AS SCOTLAND holds an inquiry into a medical scandal, a woman who is campaigning for similar action in Wales has travelled to Edinburgh to lend her support.

Barry woman Jemima Williams is spearheading a campaign in Wales for the banning of a gynaecological mesh implant that has left women across the globe in agony and, in many cases, confined to wheelchairs.

This week, as a Scottish petitions committee investigates the dangers of the device - used largely for pelvic prolapse issues in women - a US lawyer has described the netting used as being as dangerous as asbestos.

“The closest analogy I can find is asbestos,” US lawyer Adam Slater said. “Something that was thought to be a wonderful invention for a long time and now everybody in the world knows it is something you wouldn’t want to go anywhere near.”

Problems arise when the implant migrates and erodes, leaving people in constant pain and in many cases permanently disabled or needing life-saving surgery when the mesh perforates their intestines.

Jemima, 54, has described how, since having the mesh operation 12 years ago, she has lived in agony every day.

It has already been classified as "high risk" in the US where several successful multi-million dollar lawsuits have been won by those who have had operations.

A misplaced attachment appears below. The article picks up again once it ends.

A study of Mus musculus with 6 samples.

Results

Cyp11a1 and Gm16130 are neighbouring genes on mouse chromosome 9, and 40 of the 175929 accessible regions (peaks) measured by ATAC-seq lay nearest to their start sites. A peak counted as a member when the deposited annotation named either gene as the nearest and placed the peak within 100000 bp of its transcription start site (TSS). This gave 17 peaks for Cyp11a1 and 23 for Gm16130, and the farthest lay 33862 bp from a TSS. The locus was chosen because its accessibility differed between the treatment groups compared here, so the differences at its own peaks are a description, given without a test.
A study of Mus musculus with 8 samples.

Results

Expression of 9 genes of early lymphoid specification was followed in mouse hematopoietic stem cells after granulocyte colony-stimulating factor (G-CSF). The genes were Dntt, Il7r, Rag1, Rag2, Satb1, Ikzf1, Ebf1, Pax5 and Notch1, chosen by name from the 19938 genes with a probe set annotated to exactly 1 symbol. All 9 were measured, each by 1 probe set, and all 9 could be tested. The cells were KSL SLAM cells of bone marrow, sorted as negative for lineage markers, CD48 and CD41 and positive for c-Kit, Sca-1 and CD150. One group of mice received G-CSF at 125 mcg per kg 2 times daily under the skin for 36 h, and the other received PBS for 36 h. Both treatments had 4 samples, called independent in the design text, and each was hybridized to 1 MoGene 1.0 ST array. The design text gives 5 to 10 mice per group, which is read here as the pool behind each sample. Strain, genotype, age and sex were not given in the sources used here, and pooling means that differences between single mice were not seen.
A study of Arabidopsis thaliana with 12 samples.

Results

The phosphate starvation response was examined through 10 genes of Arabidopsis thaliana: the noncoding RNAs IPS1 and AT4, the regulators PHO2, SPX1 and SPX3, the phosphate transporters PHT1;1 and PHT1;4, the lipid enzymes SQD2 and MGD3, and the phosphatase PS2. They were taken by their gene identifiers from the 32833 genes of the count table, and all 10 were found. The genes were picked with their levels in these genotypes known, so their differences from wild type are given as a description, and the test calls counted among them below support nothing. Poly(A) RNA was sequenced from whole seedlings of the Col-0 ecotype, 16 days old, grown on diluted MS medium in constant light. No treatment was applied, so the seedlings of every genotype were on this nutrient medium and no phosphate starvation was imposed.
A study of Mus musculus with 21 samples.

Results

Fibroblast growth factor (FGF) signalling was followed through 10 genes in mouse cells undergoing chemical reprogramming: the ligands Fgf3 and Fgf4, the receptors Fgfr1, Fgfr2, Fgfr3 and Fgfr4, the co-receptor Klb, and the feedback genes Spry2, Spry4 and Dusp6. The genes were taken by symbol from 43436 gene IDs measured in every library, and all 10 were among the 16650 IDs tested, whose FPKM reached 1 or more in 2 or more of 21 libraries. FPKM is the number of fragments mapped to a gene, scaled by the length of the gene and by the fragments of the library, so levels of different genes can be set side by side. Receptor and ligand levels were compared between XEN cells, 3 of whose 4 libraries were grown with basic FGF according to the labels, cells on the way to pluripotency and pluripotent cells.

As a result of a massive campaign in Scotland, last year Scottish Health Minister Alex Neil urged health boards to suspend the use of the mesh until after a safety review.

It has since been revealed that despite this, many health boards ignored the government request and a further 166 operations were carried out.

Jemima, of Griffin Close, Barry has been campaigning for the Welsh Assembly to take similar action - or at the least follow Scotland's footsteps in creating a database to record instances of failure - with the help of her GP husband Dennis and solicitor Dr Sarah-Jane Richards.

Jemima is hoping that a successful campaign in Scotland will pave the way for action across the UK.

She also plans to create a petition that can be handed in to the Welsh Government's petitions committee.

"We've been going up to Scotland to lend our support to the campaigners," she said. "And also to meet with them and get advice on what we can do in order to bring this forward in Wales.

"Hopefully once Scotland have their foot in the door other health boards will have to bow to pressure."